American Gardens blooming on 10 new U.S. forever stamps
By Michael Baadke
The United States Postal Service will issue 10 stamps on May 13 to celebrate botanic, country estate and municipal gardens in 10 different states.
The nondenominated (55¢) forever stamps will be sold in panes of 20 bordered in dark green. The name of the issue, “American Gardens,” appears in white dropout lettering across the top of the pane.
The stamps are boxy horizontal commemoratives measuring 1.56 inches across and 1.225 inches tall. Each stamp shows a scene from one of the featured gardens, with the name of the garden printed in small capital letters in the lower left stamp margin.
The vignettes are photographs of areas within the gardens taken between 1996 and 2014 by Allen Rokach. USPS art director Ethel Kessler designed the issue.
The scenes are from Brooklyn Botanic Garden (Brooklyn, N.Y.), Stan Hywet Hall and Gardens (Akron, Ohio), Dumbarton Oaks Garden (Washington, D.C.), Coastal Maine Botanical Gardens (Boothbay, Maine), Chicago Botanic Garden (Glencoe, Ill.), Winterthur Garden (Winterthur, Del.), Biltmore Estate Gardens (Asheville, N.C.), Alfred B. Maclay Gardens State Park (Tallahassee, Fla.), the Huntington Botanical Gardens (San Marino, Calif.), and Norfolk Botanical Garden (Norfolk, Va.).
The Winterthur Garden was originally designated to host the first-day ceremony for the American Gardens issue, but like many of gardens featured on the new issue, the Winterthur Garden is currently closed because of the coronavirus COVID-19 outbreak, and the planned ceremony has been canceled. The Postal Service might reschedule a dedication ceremony at a later date, but the stamps will be issued at post offices as planned, providing a glimpse of those gardens that visitors might not be able to access today.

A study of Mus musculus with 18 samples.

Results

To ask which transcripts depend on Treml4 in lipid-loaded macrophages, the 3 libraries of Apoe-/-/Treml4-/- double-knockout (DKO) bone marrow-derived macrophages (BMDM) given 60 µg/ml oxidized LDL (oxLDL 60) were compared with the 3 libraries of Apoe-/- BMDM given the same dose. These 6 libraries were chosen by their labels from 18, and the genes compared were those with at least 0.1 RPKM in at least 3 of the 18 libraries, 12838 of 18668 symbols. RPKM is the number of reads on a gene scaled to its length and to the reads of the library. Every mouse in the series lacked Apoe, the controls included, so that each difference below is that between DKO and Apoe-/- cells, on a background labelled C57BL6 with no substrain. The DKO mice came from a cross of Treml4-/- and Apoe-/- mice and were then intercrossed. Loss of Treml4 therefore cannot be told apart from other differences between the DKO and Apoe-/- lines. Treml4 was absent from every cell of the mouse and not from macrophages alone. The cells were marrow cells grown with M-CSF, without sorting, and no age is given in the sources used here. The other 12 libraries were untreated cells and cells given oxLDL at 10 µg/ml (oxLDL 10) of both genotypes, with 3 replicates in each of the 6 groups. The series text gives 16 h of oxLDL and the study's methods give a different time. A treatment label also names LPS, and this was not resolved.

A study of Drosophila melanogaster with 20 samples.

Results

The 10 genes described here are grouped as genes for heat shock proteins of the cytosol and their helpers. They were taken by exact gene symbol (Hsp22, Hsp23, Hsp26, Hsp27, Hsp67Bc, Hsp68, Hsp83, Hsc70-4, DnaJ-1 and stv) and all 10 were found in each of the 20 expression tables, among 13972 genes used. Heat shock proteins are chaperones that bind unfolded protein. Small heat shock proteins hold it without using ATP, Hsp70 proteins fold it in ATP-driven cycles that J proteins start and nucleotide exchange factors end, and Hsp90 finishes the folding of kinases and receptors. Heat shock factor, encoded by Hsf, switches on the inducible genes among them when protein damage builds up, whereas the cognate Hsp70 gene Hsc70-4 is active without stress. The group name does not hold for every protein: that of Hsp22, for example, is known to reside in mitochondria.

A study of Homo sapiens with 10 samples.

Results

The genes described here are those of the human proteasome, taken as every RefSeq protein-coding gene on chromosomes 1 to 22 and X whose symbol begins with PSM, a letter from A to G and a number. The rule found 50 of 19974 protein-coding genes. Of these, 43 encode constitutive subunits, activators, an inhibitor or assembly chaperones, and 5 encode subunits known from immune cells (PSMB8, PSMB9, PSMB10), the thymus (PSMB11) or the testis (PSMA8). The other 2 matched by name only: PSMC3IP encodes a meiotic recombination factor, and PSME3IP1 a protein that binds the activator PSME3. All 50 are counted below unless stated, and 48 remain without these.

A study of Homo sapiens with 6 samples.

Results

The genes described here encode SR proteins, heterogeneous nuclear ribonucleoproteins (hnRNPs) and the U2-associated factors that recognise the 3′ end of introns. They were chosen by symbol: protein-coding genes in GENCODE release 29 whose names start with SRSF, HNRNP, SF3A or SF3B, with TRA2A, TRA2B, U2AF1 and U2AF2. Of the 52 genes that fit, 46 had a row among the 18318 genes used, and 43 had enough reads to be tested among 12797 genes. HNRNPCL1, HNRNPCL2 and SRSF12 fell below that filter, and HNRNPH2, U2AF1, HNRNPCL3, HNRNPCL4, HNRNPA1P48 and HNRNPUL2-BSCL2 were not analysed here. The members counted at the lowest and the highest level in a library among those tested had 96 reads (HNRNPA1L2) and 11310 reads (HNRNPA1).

The new American Gardens set is the fifth U.S. stamp issue in three months to encompass a floral theme.
Ten different Wild Orchids forever stamps were issued in coils and double-sided booklets on Feb. 21. A Contemporary Boutonniere forever stamp and a Garden Corsage (70¢) 2-ounce rate stamp were both issued April 2, and a Chrysanthemum ($1.20) global forever stamp was issued April 24.
“The love of gardening stretches back to the earliest years of our country, inspiring George Washington, Thomas Jefferson, and other Founding Fathers to plant some of America’s most iconic colonial-era gardens,” according to the Postal Service. “From the 19th century to today, landscape designers have continued that tradition.”
The American Public Gardens Association defines a public garden as “an institution that maintains collections of plants for the purposes of public education and enjoyment, in addition to research, conservation, and higher learning.” Such gardens are open to the public with resources available to all visitors.
Some gardens charge admission fees that are often reduced or waived for contributing members.
In 1999 the Postal Service issued a 33¢ stamp (Scott 3338) to commemorate prominent landscape architect Frederick Law Olmsted (1822-1903), whose most famous project was Central Park in New York City.
Olmsted’s final great landscape design was on the grounds of the Biltmore Estate in North Carolina, featured on one of the new American Gardens stamps. Among his many projects there, Olmsted designed “hundreds of acres of gardens, terraces, paths, water features, and a conservatory,” Jon Elliston wrote for WNC magazine, which focuses on the western North Carolina region, in 2017.
The John Singer Sargent portrait of Olmsted that appears on the 1999 stamp is displayed at Biltmore House.
The Postal Service is offering two sets of 10 American Gardens first-day covers with two different Winterthur, Del., pictorial first-day cancels.
The black cancel depicts a single tulip bloom, and the showier color postmark is illustrated with tulips, a black-eyed Susan, dogwood blossoms and additional greenery.
The cover sets and full panes of the new stamps can be ordered from the Postal Service’s online retail site. The stamps are also offered at local post offices in full unbroken panes only.